Treasury Wine’s Bordertown vineyard to hit the market amid export downturn

A vineyard portfolio on the South Australian border currently held by wine producer Treasury Wine Estates is set to hit the market and could sell for more than $9 million.

Jun 07, 2023, updated Jun 07, 2023
The vineyard could sell for more than $9 million.

The vineyard could sell for more than $9 million.

Situated near Bordertown in South Australia’s east, the commercial vineyard was the first to be established in the area back in 1989 by luxury vintner Penfolds, and spans approximately 487.81 hectares.

Of that, the total vineyard area comes to about 374.16 hectares, making it one of the region’s largest and most prominent. Accordioning to brokers Colliers, the land could attract a rate of around $25,000 per planted hectare.

Though Colliers could not disclose the identity of its client, images provided match that of existing buildings on the Penfolds plot.

According to the brokers, the vineyard produces premium wine grape varietals including Cabernet Sauvignon, Chardonnay, Merlot, Shiraz and Tempranillo with a 10-year average production of approximately 3,600 tonnes.

The proposed sale of the land comes two weeks after the listed winemaker said it was reviewing its “cheaper” offerings due to changing conditions and a challenging outlook in the UK and Australia for that budget market.

Further, inflation means the cost of packaging material is expected to put upward pressure on Treasury Wine’s cost of goods in 2023/24.

It also comes amid a “red wine glut” in South Australia, caused by Chinese tariffs and weak international markets, which may force producers to dump thousands of tonnes of grapes.

An aerial view of the Penfolds vineyard

Speaking to InDaily, South Australian Wine Industry Association (SAWIA) chief executive officer Brian Smedley said winemakers in South Australia that were exposed to the loss of the Chinese market would now be considering whether they can satiate other markets with their grapes.

“Having lost [the Chinese] market – we’re now two-and-a-half years since that market collapsed – there will be people who will have made decisions about whether they can diversify those markets; in other words, go to other markets with the wine that they had,” Smedley said.

“If those people are unable to do that then there may be a situation where people start to divest.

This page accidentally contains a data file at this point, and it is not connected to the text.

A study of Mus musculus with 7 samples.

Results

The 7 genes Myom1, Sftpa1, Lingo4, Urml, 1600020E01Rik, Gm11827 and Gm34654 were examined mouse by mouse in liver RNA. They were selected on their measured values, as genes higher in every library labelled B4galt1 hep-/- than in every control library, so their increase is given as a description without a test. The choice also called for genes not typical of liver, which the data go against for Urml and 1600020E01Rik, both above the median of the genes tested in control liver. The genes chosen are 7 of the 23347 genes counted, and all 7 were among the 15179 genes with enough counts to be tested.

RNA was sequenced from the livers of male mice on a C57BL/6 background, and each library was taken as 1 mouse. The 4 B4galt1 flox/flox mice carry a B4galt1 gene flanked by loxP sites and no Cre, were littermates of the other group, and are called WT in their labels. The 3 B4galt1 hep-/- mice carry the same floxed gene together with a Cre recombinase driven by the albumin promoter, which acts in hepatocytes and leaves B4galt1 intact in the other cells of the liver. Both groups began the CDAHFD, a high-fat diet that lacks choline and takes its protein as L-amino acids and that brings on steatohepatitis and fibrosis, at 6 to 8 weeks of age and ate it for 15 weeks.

“There is a significant change with no other market being able to take the supply that China was taking, so if that’s the case then you would be in an oversupply situation.”


“That is we actually cut back our supply, and a number of people are talking about mothballing their vineyards, generating lower yields and even taking areas out of production,” he said.

“If we assume that the tariffs came off completely, the market has changed in China; they are now drinking less alcohol, drinking less wine and our market share has been taken by somebody else.

“So when you look at that, it’s going to be a lot harder to achieve sales in China. Not impossible, but a lot harder, and we potentially will not get back to the level of sales that we had when we left.”

For those not game enough to enter the winemaking industry at this time, Colliers’ Nick Dean who was appointed to sell the vineyard said the land presented “opportunities for potential redevelopment into alternative horticultural or agricultural pursuits”.

“The property’s prime location, extensive infrastructure, and ample land area make it an enticing prospect for investors with diverse agricultural interests,” Dean said.

Colliers’ Tim Altschwager added that the land represented “an exceptional chance to acquire a large-scale, commercial vineyard in the Bordertown wine region, a highly regarded viticultural area in South Australia”.

“It is a significant vineyard by any measure,” he said.

“Imagine, should the Chinese market reopen, then large-scale commercial vineyards, such as Bordertown Vineyards, assume even greater importance.”

Beyond the rows of grapes, Colliers is spruiking the property’s three residences, a “well-equipped” administration centre, extensive shedding and workshop facilities, and maintenance areas for machinery and equipment.